For Nigeria to effectively move away from an oil-dependent economy and industrialise, it must develop the blue economy. This was the position of the Director-General of the Nigerian Maritime Administration and Safety Agency (NIMASA), Dr. Dakuku Peterside and other top players in the maritime industry, at the 2018 World Maritime Day celebration held yesterday in Lagos.
Themed “IMO 70: Our Heritage – Better Shipping for a Better Future,” this year’s event, which coincided with the 70th anniversary of the International Maritime Organisation (IMO), according to Dr. Dakuku, could not have come at a better time than now, when Nigeria is taking deliberate steps to harness the enormous benefits of the country’s maritime industry.
According to the Director-General, NIMASA is taking various steps to ensure the growth of the sector for the overall economic benefit of the country. “We want to make sure that our maritime sector remains virile and this is the reason we are making moves to safeguard our maritime domain because we cannot talk about shipping without taking the safety and security of our maritime domain seriously,” he stated.
Dakuku pointed out that the total spectrum maritime security strategy being put in place by the Agency will ensure that the maritime subsector was rid of criminalities that hamper the industry’s growth. He said the ultimate goal of the Agency was to make Nigeria one of the safest maritime domains in Africa.
Commenting on the Executive Order of the Federal Government on Ease of Doing Business, the Director-General said the Agency had succeeded in reducing the issuance time for bill and sailing clearance to vessels to 24 hours, thereby drastically reducing the delay in vessel turnaround time.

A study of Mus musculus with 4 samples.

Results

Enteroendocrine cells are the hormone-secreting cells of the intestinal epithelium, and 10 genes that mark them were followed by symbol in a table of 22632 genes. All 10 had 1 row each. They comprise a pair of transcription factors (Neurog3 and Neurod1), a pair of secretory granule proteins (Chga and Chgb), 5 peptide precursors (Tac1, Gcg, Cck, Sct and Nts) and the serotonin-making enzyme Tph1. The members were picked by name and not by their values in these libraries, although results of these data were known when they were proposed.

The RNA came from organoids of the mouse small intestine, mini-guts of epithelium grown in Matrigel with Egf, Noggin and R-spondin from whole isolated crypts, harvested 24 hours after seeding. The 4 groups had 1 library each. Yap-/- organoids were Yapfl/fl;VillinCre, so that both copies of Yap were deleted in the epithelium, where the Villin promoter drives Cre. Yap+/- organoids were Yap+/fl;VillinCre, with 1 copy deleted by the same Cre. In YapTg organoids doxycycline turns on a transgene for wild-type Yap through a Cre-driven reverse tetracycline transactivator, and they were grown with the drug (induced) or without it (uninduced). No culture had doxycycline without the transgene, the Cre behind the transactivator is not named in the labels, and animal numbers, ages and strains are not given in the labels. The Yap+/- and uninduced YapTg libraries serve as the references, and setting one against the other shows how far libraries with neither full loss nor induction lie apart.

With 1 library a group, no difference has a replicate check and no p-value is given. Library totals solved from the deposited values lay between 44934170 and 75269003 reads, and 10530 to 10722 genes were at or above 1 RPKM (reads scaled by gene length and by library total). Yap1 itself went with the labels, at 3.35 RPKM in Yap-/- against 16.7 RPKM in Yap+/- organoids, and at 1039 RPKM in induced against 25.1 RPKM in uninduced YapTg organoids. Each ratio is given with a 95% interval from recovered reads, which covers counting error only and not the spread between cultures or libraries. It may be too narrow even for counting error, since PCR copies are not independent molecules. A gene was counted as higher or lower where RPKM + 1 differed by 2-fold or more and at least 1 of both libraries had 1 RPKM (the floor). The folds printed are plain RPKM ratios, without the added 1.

Speaking at the event also, the Permanent Secretary, Federal Ministry of Transportation, Sabiu Zakari, who represented the Honourable Minister of Transportation, Rt. Hon Rotimi Chibuike Amaechi, said Nigeria received and generated a lot of cargo and must, therefore, take advantage of its geographic position to grow its economy through effective maritime development.
Zakari said, “Nigeria enjoys larger share in the movement of cargoes due to her location along the Gulf of Guinea, which is a transit and strategic route for movement of cargo across Africa. It is, therefore, imperative that the route is secured to fully harness the benefits of maritime trade.”
In the same vein, Nigeria’s Alternate Permanent Secretary to the IMO, Mr. Bala Dikko, said in recent times Nigeria’s relationship with the United Nations organ had improved. He commended the leadership role NIMASA was playing in the West African sub-region, stating that security in the region has greatly improved due to the renewed collaboration and cooperation being championed by Nigeria among the maritime administrations of the sub-region.
In her own remarks, the Secretary-General of the Memorandum of Understanding on Port State Control For West and Central African Sub Region, popularly referred to as Abuja MoU, Barr. Ufom Usoro, noted the recent strides of NIMASA in the development of the maritime industry. Usoro said NIMASA, as Nigeria’s representative on the MoU, had played a leading role in the region, especially as it concerns port state and flag state control. She commended the leadership of NIMASA for carrying the stakeholders along in its bid to move the industry forward.
Usoro said the impact of the Dakuku-led management of the Agency was being felt on the continent, adding that this is one of the reasons he was re-elected to lead the Association of African Maritime Administrations (AAMA) for another term at the recently held fourth conference of the body in Egypt.
The Rector of Maritime Academy (MAN), Oron, Commodore Duja Effedua, and other notable stakeholders at the event were unanimous in their commendation for NIMASA, especially as it concerns building capacity for the sector. They called for support for the Agency’s drive to create sea time for the graduates of the Nigerian Seafarers Development Programme (NSDP).
The World Maritime Day is a day set aside by the IMO to celebrate the contributions of the maritime industry to the global economy. Though internationally marked on September 27, each IMO member state has the right to choose a suitable date on which to commemorate the event.